Emails: EPA Staff Objected To Pared-Down List Of Areas Facing Tougher Smog Regulations

Environmental, Business Groups Debate Decision On Non-Attainment Areas

Michael Leland (CC-BY-NC)

Recently released emails show staff with the Environmental Protection Agency objected to limiting areas of southeastern Wisconsin that would fall under tougher standards to reduce ground-level ozone pollution.

In May 2018, the EPA produced a pared-down list of “non-attainment areas” or Wisconsin counties that weren’t meeting federal smog regulations. The final list included areas along the shore of Lake Michigan, including parts of Kenosha, Door, Manitowoc, Sheboygan, Milwaukee and Ozaukee counties. A previous version of the list included several other areas including Racine County where Foxconn plans to build its multi-billion dollar manufacturing plant.

Clean Wisconsin filed a federal lawsuit against the EPA over its decision last summer. The environmental group was among those that obtained emails showing staff disagreed with the administration’s findings.


Katie Nekola, general counsel for Clean Wisconsin, said the emails show the science didn’t support changes to the ozone designations.

“We need to go back to the original designations, which are far more protective of the air in Wisconsin and people’s health,” said Nekola.

Ground-level ozone or smog can form when chemicals from emissions combine with heat and sunlight. Smog can exacerbate respiratory illnesses like asthma, especially in children and older adults.

The original list was met with opposition from the Walker administration and business groups including Wisconsin Manufacturers and Commerce (WMC).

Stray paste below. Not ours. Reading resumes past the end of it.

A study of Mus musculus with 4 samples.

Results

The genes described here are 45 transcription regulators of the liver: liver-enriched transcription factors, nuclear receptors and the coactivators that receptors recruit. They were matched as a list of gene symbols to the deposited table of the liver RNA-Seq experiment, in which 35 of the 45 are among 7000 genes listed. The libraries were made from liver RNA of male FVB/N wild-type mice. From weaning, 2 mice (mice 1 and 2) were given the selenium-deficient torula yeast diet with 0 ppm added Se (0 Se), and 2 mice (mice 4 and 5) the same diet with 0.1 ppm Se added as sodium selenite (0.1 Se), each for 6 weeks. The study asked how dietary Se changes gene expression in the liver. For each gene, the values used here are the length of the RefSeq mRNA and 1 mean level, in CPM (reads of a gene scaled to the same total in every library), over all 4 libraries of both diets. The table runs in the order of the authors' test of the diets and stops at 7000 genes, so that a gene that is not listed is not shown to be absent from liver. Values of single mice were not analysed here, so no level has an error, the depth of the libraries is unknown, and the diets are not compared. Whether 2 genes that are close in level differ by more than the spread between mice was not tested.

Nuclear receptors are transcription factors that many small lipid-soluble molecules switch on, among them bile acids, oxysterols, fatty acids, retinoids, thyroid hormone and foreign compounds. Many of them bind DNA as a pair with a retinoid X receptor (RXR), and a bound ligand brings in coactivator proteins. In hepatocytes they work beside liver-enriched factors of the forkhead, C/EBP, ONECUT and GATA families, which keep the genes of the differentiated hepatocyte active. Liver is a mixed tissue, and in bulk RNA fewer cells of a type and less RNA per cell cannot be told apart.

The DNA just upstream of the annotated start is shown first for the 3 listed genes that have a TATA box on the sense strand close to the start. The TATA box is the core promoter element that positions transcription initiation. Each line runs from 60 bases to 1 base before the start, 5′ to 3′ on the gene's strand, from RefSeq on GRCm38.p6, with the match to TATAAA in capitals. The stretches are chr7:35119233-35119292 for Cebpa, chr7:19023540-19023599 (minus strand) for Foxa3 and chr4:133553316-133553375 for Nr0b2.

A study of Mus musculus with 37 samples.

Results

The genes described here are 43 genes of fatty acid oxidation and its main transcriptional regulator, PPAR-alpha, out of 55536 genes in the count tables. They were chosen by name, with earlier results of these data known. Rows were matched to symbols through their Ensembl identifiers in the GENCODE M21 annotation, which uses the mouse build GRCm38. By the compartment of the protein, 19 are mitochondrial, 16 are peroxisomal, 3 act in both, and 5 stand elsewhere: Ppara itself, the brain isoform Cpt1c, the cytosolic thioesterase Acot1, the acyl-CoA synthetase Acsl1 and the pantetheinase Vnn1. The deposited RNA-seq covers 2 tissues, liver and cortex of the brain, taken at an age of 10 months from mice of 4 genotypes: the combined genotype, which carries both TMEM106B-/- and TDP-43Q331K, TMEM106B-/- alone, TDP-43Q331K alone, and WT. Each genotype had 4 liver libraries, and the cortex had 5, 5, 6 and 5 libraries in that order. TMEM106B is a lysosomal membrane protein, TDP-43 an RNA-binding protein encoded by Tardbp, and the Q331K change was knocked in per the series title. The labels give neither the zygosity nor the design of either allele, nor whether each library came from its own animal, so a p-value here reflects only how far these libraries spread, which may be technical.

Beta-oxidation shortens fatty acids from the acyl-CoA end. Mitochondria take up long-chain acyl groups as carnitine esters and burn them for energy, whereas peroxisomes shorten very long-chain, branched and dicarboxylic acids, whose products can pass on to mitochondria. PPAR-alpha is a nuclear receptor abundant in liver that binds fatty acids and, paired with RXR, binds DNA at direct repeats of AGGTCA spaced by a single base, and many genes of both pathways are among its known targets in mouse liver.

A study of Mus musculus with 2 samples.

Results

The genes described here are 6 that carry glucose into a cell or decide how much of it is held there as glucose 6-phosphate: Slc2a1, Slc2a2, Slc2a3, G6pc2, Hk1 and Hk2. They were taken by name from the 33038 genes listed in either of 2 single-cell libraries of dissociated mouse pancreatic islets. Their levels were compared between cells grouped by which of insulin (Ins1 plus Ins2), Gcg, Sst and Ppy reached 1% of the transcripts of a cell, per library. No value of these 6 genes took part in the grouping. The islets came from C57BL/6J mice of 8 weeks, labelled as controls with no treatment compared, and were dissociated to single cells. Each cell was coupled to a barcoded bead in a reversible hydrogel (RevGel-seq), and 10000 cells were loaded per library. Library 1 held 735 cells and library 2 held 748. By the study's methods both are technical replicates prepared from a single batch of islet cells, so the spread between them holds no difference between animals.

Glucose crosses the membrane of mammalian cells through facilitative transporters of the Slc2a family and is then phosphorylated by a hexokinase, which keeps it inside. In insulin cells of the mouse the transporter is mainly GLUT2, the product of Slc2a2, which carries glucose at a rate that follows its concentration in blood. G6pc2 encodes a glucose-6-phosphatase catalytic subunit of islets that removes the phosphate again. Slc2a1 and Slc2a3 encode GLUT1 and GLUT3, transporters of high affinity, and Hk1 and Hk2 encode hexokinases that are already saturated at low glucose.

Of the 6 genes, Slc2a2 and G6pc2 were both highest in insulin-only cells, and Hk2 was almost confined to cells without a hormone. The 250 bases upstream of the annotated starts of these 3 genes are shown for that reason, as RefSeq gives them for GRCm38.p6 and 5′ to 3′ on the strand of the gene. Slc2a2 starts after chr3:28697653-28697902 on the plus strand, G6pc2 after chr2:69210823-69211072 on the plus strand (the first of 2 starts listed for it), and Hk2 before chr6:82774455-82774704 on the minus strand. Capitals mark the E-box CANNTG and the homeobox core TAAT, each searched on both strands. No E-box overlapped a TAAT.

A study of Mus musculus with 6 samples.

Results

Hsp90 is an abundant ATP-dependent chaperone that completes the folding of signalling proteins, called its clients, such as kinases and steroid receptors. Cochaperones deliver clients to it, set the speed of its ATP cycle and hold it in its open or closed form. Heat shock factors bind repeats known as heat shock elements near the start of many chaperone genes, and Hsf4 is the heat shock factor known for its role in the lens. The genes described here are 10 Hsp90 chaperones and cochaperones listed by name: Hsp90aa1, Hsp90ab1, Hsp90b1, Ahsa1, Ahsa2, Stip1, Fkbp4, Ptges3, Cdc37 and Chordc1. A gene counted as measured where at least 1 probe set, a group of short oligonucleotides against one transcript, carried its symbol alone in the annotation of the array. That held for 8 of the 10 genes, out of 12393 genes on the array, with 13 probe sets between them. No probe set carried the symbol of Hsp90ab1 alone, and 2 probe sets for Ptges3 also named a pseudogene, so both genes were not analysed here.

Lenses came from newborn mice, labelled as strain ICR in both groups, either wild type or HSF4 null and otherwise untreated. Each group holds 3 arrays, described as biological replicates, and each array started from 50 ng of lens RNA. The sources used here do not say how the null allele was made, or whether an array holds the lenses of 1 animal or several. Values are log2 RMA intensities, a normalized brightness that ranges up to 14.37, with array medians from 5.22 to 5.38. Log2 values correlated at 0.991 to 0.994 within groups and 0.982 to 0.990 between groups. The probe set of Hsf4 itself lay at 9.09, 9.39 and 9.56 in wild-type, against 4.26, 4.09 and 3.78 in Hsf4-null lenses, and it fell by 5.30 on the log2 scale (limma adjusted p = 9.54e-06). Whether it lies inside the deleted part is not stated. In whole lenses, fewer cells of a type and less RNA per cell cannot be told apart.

Scott Manley, senior vice president of government relations for WMC, said the emails show a history of lower lever staff at EPA who are in favor of the “command and control” approach to regulation.

“The more communities or the more businesses they can get tangled up in their regulatory spiderweb, the better from their perspective,” said Manley.

He thinks the EPA’s final decision demonstrates a common-sense approach to ozone regulations. Manley said non-attainment designations make it difficult and very expensive to grow economic development.

“We call an ozone non-attainment designation as an EPA no-grow zone because it’s very difficult to site any new type of manufacturing facility or power plant in one of those areas,” he said.

A non-attainment designation for Racine County could have meant more expensive requirements for Foxconn to control pollution or offset it.

The Wisconsin Department of Natural Resources found in its preliminary determination for a Foxconn construction permit that the company’s facilities would create hundreds of thousands of tons of greenhouse gas emissions per year. Future emissions weren’t taken into account as part of the EPA’s analysis.

The EPA has since asked for seven out of the nine counties considered as non-attainment areas to be sent back to the agency for further review. Nekola said it’s unclear what the case will mean for Foxconn.

“I believe Gov. Evers has said he needs to review or would want to review all the permits for Foxconn,” she said. “I think once we know what Foxconn is really going to be and what kind of air emissions it’s going to have, I think then we’ll need to take another look at it.”

A spokesman for the agency referred to its recently submitted brief filed in Clean Wisconsin v. EPA. Attorneys for the agency argue the group has shown no evidence that the EPA erred in its decision.

“Faced with voluminous emissions data, sophisticated modeling, and other information, EPA has to decide, for each area it designates, exactly where to draw the boundary between attainment and non-attainment,” the brief states. “That in turn requires the agency to analyze all the evidence holistically, often making tough judgment calls about where the weight of that evidence falls.”

Attorney General Josh Kaul also filed a motion in the case last week affirming the EPA’s decision, saying the “designations for Wisconsin counties are correct.”

The Wisconsin Department of Justice declined to comment; and the DNR didn’t immediately return requests for comment.